I’ve just completed what will likely be the last internship of my career (I got hired!), and to wrap up the summer at Blue State Digital, there are a few key lessons I’d like to take away from the experience:
1. Be positive.
A positive attitude can go a long way. I’m not necessarily talking about being a Yes Man (or Woman) all the time, but it pays to be willing to jump in and take on responsibilities. I’m lucky that Blue State Digital is a company that gives real work to their interns and never asks interns to coffee. With internships that ask you to get coffee in lieu of helping with real work, I think it can be harder to stay positive. For me, being positive didn’t mean being overly smile-y, it meant being thrown into sink or swim situations and staying afloat.
2. Ask questions.
Interns are not supposed to know how everything works – that’s the point of an internship. Especially with such a digitally-advanced company, in the beginning I sat in a lot of meetings with a scrunched up nose and knitted eyebrows. I couldn’t let myself be afraid to ask questions because I would have spent the summer confused and I wouldn’t have learned anything (which, again, is the point of an internship). Asking questions told my managers that I was interested in learning, and sometimes, I asked questions that prompted them to think of something they hadn’t considered. That’s a win-win.
3. Make allies.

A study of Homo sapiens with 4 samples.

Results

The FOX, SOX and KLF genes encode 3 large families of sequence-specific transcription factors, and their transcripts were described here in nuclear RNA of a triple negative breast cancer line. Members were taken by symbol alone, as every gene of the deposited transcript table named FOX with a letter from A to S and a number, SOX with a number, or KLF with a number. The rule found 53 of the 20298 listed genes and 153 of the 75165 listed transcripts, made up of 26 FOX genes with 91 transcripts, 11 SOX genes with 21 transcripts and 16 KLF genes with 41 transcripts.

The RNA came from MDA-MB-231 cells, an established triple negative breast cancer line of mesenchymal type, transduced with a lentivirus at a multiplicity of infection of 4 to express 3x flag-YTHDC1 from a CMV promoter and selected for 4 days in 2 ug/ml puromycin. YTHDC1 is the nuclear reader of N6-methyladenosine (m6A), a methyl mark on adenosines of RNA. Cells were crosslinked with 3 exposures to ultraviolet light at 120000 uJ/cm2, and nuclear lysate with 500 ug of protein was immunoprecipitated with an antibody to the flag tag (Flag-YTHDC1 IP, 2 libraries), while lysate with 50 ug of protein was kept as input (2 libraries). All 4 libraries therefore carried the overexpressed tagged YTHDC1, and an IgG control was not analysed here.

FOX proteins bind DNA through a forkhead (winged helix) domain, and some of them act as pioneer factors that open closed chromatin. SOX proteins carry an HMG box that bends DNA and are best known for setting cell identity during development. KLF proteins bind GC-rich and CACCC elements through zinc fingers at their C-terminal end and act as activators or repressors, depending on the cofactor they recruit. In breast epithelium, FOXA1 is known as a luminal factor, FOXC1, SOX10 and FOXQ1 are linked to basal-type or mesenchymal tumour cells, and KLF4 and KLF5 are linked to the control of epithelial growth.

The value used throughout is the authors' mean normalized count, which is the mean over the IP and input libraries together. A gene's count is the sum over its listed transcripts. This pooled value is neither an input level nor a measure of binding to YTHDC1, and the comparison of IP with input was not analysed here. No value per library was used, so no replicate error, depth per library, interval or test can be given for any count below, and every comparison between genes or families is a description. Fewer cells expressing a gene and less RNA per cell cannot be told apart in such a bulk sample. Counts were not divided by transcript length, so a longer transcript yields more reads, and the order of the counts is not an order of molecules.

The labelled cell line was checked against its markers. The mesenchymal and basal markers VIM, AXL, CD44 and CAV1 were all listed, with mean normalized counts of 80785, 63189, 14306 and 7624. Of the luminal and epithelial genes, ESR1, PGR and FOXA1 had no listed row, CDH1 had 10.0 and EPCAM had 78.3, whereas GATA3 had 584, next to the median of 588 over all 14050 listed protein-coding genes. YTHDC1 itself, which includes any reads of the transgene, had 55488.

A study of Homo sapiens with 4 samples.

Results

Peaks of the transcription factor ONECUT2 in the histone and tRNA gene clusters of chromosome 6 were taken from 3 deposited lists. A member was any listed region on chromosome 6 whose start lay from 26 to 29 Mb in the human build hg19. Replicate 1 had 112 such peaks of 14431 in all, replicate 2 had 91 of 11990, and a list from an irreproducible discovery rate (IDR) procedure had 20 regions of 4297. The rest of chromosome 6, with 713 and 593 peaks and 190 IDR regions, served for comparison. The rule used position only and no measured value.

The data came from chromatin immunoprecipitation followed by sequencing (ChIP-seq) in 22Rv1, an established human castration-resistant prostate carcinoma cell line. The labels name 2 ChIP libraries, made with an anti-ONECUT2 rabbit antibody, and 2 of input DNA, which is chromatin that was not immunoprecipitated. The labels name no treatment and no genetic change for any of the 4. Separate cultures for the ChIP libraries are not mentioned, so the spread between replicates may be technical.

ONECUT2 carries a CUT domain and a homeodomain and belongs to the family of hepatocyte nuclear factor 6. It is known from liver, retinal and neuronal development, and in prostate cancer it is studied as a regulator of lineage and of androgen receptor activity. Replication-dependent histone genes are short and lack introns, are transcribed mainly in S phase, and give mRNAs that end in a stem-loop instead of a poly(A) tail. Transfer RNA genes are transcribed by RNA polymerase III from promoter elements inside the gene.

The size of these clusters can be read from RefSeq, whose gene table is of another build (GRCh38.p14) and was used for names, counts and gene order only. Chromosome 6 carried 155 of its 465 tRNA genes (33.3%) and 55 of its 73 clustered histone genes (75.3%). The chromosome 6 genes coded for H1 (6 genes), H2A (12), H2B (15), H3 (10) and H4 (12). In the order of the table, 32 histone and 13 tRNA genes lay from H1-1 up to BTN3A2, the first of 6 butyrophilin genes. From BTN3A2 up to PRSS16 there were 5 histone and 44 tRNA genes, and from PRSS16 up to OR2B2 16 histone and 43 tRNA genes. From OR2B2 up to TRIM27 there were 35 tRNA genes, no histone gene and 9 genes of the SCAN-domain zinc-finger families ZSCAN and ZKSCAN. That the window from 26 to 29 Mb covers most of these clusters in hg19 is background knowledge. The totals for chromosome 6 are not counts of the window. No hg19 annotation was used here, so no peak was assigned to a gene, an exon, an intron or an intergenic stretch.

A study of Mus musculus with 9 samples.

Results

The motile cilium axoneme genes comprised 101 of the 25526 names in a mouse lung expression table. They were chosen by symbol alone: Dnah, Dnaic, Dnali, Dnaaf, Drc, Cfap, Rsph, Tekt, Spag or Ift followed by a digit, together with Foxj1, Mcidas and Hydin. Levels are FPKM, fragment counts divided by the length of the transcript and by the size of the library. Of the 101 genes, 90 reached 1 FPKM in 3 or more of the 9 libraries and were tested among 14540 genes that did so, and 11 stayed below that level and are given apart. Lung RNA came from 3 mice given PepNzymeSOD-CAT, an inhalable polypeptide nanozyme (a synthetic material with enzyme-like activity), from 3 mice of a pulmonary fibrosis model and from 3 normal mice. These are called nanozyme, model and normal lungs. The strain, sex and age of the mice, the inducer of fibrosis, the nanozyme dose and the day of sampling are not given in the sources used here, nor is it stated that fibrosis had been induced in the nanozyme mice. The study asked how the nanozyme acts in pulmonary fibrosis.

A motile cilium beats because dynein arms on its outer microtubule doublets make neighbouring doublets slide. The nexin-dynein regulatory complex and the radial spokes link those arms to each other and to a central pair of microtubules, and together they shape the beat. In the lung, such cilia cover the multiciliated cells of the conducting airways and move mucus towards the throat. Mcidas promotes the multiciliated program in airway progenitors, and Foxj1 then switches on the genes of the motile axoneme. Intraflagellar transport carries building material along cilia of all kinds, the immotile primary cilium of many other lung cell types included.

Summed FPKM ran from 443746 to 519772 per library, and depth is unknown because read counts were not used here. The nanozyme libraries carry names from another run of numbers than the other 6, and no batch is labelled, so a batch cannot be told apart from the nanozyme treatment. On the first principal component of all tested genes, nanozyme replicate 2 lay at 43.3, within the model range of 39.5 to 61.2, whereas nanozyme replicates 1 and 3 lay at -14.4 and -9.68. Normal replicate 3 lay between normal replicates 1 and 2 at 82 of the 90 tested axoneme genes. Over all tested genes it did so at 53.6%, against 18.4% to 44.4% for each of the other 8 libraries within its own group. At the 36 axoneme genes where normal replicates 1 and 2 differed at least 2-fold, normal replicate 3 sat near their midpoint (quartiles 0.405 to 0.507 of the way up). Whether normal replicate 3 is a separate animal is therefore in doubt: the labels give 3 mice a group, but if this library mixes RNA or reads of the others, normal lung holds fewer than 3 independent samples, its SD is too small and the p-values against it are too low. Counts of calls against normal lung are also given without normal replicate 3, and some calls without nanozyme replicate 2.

One of the smartest decisions I made during my internship was finding people in the office that I could latch onto. First, I found a middle-level manager, close to my age but with a good amount of experience, that became my mentor. It helped that she was very friendly and willing to help me; she’s someone who I immediately grabbed onto as a valuable resource who I was comfortable with. Then, because of how the teams are set up at BSD, I was on several accounts with one communications specialist who happened to need help keeping her tasks organized. I became known for being the person to go to when you need that communications specialist to do something. And ultimately, I think this was one of the big reasons they decided to hire me full-time – I found a place where I was needed, where I could add value.
It was a great summer, and by far the most successful internship I’ve ever had (which I would have said even if I hadn’t been hired as a full-time employee). Now, I’m happy to take these learnings and evolve them as an Account Coordinator!